In Plame Leaks, Long Shadows

The Washington Post fronts (albeit below the fold) a story by Jim VandeHei and Mike Allen on the Valerie Plame affair that contains no news whatsoever despite taking up three pages on the Web and several column inches and the entirety of an inside page (A15) in the print edition.

In Plame Leaks, Long Shadows (WaPo, A1)

Karl Rove had a secret. In public, he was masterminding President Bush’s reelection and brushing off suggestions he had played any part in an unfolding drama: the unmasking of CIA operative Valerie Plame. In private, the senior White House adviser was meeting, on five occasions, with federal prosecutors to tell what he knew about the matter.

The story he would tell prosecutors did not seem to square with the White House’s denial that it had played any role in one of the most famous leaks since Watergate. Rove told prosecutors he had discussed Plame in passing with at least two reporters, including the columnist who eventually revealed her name and role in a secret mission that would raise questions about Bush’s case for war against Iraq. At the same time, other White House officials were whispering about Plame, too.

It is now clear: There has been an element of pretense to the White House strategy of dealing with the Plame case since the earliest days of the saga. Revelations emerging slowly at first, and in a rapid cascade over the past several days, have made plain that many important pieces of the puzzle were not so mysterious to Rove and others inside the Bush administration. White House officials were aware of Plame and her husband’s potentially damaging charge that Bush was “twisting” intelligence about Iraq’s nuclear ambitions well before the episode evolved into Washington’s latest scandal.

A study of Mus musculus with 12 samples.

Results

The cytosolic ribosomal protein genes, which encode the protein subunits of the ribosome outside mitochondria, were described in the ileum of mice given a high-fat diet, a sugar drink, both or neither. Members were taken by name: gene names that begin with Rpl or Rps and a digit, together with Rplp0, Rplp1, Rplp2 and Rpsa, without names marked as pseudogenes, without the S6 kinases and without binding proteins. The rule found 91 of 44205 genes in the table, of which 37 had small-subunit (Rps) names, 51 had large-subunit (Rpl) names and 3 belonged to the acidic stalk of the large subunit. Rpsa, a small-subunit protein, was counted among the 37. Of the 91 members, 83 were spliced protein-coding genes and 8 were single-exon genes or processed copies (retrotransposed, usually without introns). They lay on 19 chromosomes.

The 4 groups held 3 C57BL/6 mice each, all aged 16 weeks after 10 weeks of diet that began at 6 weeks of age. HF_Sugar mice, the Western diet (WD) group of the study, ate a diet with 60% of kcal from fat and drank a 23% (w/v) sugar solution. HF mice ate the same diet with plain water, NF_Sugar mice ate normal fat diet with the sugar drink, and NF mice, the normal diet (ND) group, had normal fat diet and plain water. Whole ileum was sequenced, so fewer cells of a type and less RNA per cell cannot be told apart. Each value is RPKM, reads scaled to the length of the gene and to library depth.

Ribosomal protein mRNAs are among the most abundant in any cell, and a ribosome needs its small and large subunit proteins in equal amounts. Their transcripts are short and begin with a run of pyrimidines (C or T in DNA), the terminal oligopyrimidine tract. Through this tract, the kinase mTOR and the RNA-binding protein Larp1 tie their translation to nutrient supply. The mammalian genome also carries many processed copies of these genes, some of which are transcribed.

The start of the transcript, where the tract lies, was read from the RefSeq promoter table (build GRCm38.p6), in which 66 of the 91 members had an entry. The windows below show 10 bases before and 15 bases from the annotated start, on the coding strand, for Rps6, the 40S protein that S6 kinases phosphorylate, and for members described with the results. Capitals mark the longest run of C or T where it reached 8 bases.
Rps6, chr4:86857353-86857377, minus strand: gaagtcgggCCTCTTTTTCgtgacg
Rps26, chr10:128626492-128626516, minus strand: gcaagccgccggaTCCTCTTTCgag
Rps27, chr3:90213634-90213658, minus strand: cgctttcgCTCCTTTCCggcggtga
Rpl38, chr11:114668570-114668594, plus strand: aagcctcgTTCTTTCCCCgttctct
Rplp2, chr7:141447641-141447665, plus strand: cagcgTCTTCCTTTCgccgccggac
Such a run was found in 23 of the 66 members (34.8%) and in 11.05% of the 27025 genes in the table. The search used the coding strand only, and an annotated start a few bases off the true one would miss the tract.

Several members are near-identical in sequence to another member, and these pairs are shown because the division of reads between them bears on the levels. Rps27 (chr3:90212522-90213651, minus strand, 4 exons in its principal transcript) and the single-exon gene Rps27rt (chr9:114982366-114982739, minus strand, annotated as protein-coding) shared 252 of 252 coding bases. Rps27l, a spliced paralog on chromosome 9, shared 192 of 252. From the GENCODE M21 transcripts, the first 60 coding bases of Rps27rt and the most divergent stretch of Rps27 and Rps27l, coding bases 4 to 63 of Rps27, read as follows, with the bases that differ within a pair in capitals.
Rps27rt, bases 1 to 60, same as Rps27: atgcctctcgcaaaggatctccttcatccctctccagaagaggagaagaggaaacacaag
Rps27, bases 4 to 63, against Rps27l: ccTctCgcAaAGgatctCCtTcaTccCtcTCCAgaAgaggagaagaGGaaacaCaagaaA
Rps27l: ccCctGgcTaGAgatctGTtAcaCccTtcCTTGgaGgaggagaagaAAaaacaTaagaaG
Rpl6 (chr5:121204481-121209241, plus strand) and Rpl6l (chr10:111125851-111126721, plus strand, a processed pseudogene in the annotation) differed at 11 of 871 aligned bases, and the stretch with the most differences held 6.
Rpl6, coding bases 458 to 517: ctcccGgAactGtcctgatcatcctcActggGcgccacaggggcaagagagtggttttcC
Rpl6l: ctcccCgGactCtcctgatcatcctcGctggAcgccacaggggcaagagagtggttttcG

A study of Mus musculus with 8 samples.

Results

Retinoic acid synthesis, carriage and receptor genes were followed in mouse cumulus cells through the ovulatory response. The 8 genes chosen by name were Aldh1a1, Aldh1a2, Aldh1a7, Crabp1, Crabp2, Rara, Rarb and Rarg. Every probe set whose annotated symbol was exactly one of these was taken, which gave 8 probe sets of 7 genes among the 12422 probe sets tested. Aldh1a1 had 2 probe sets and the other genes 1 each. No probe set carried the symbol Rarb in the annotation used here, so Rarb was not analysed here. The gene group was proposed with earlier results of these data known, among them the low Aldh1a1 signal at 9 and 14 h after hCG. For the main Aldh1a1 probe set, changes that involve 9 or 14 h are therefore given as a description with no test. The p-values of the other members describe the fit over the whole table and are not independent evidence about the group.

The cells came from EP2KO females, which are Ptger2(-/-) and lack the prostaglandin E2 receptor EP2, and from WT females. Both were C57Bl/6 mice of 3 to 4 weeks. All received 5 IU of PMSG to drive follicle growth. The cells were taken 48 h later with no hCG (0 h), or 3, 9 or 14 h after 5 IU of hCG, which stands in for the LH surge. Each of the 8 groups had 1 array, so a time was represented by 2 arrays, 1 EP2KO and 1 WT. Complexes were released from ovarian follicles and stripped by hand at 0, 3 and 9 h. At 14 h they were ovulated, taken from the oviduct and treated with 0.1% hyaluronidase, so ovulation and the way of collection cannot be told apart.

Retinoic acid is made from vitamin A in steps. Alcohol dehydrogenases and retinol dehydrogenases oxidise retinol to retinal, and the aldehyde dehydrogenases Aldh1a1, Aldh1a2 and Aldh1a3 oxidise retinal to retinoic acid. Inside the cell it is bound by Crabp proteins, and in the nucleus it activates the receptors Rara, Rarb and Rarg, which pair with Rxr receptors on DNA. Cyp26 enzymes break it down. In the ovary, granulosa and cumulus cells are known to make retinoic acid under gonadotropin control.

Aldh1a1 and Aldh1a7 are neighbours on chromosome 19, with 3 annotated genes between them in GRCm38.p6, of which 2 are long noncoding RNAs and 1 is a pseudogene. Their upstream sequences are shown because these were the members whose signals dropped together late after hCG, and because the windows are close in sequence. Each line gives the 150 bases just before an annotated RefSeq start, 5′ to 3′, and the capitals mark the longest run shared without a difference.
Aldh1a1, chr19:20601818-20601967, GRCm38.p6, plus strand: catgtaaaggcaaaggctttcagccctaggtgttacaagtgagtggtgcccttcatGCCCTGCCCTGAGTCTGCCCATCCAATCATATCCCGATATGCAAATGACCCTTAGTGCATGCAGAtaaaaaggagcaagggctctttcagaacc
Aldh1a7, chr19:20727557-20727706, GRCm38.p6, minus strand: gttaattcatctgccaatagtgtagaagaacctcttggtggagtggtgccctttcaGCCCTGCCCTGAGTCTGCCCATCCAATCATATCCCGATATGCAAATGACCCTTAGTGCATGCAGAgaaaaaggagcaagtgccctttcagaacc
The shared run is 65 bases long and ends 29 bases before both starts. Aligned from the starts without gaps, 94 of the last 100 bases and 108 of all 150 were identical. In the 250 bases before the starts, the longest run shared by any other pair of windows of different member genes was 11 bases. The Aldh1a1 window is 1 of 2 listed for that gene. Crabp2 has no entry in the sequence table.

But as the story hurtles toward a conclusion sometime this year, there are several elements that remain uncertain. The most important — did anyone commit a crime?

This article, based on interviews with lawyers and officials involved in the case, is an effort to step back from the rapidly unfolding events of recent weeks and clarify what is known about the Plame affair and what key factors are still obscure. Those people declined to be identified by name because special prosecutor Patrick J. Fitzgerald has asked that closed-door proceedings not be discussed.

So, the purpose of the story was to flesh out the uncertain elements and to decipher whether someone committed a crime. The closing paragraph of the story?

Yet much of the case remains a mystery. Did the White House leak the identity of a CIA operative? Is it a crime? Did Bush have any knowledge of it? Will Fitzgerald have spent this much time pressuring officials and reporters and not deliver an indictment? Those questions may be answered soon, as the grand jury’s term is set to expire in October.

That’s a lot of newspaper space to wind up with the same questions with which the reporters started.

About James Joyner
James Joyner is Professor and Department Head of Security Studies at Marine Corps University's Command and Staff College and a nonresident senior fellow at the Scowcroft Center for Strategy and Security at the Atlantic Council. He's a former Army officer and Desert Storm vet. Views expressed here are his own. Follow James on Twitter @DrJJoyner.


  1. Hedrick Montgomery says:

    The purpose of a newspaper is to sell advertisement space. If a newspaper is able to sell ads while providing no news whatsoever, nothing but imaginary filler, it will do so. In this case, that is what has happened. Newspapers can’t afford to pay competent help so they scrape up whatever they can find to write whatever features can’t be cheaply bought from wire services.

  2. Ho Chi Minh says:

    Why is a web page called ‘outside the beltway’ concerned with what is printed in the politcs section of the Washington Post?